Riding a bicycle that has bags loaded over two racks, things strapped, stuffed, and dangling off of nearly every inch of empty space draws a certain amount of attention from locals. Frequently, we are asked about our destination, the weight of our luggage and sometimes even the state of our mental health. Immediately upon crossing into Romania, despite its horrid reputation, we found its inhabitants to be incredibly warm. Everyone is smiling, everyone is waving. We decide we like it here.
Rolling into our first Romanian city, we receive an unfortunate awakening. While looking for some specific supplies at a few different locations in sweltering heat, we run into multiple problems with multiple security guards and officials. No one here seems to like bicycles and everyone is beeping their horns. We give up and try to find a park with shade to have some lunch, again, our way is barred by a heat angered guard who actually follows us while we try to plan our next move. So out of this city we ride, and as quickly as possible.
Twenty kilometers later and we are sweat soaked and sun baked. We stop for cold drinks and meet another cyclist who buys us many rounds of cheap, cold and so delicious Romanian beer. We talk of our trip, our professions, and we ask for some pointers from this local about our prospective route. He tells us to call him George and invites us to backtrack our twenty kilometers to have dinner, a shower, and a bed at his house. We accept. We could not have imagined the kindness of his family, and on such short notice.
His sweet mother cooks us delicious food, washes our clothes until they are actually clean for the first time in a month (how they smelled!), and his father entertains us with stories and homemade visnata. George shows us what young Romanians do for fun on the weekends and how they deal with their hangovers before church on Sunday morning. We depart with panniers overflowing with the kindness of strangers; homemade jam, bread, chocolate, lunch cooked and packed for us, and a bit of George senior’s famous cherry visnata.
We ride towards the mountains, towards the promised shelter from the sun of the damp forests, the coolness of altitude, and the beauty of scenery. One slow morning, we break camp, coast back to our road and begin cooking breakfast at a roadside picnic table. Fresh cinnamon rolls and oats! While baking, a lone cyclist, loaded with bags, rides by, stopped by Josh’s elated questions concerning her destination and place of origin. She stops with a smile and joins us for breakfast. “I’m Verena, I am german and, yes, I am traveling alone,” she tells us with her smile.
Now we are three, traveling through Romania’s wild and rocky mountains and narrow, winding and steep roads. Our routes are ultimately different but Josh’s and mine is so flexible. We decide at some point to accompany Verena, our new, happy vegan third to her destination, a music festival. Her route is now ours and we meander through mountainous Romania together for the next approximate week, spending the three hardest days of riding our entire trip thus far around the ever popular and so beautiful Transfagarasan Pass and surrounding area.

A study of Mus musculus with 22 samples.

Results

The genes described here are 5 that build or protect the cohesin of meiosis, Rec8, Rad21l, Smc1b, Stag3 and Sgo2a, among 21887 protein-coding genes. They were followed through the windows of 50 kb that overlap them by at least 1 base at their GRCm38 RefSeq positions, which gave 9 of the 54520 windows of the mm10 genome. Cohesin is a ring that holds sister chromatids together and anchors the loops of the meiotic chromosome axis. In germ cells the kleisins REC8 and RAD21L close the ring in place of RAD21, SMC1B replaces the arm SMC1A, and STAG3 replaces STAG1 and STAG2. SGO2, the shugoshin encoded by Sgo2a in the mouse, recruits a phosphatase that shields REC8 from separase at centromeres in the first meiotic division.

Being well prepared mentally for the length of this pass, the climb was, mostly, cheerful and the evening at camp beside an aqua lake, perfect. While dipping water to boil for coffee from it the next morning and chewing a porridge of oats and fresh apples, we had no idea what our road had in store for us.
The next day, our legs already showing signs of fatigue from the previous day, we pedal up and around, down and across, a massive power generating reservoir, finishing the day with our sweetest campsite yet; in the midst of a plum orchard. And plums are in season!
There is a point at which your body can still pedal your heavy bicycle up an incline but at which your brain does not agree. There is a point when, after climbing so many switchbacks you feel as if you will just roll right off the side of the next one you see, voluntarily, but your body is still going.
Then, there is a point when you see your road, still, going up, and up, with your sun doing the exact opposite, and your fatigue, your frustration, your screaming muscles, all melt into a kind of maniacal hilarity and you look at your wild eyed fellow cyclists, your fried, sweaty, panting friends and you can only laugh, throwing your heads to the sky, throats to the moon, releasing uncontrollable cackles like wild animals screaming through the forest.
Then you arrive at the top of the world, at your destination, at your rendezvous point, and it was all worth it.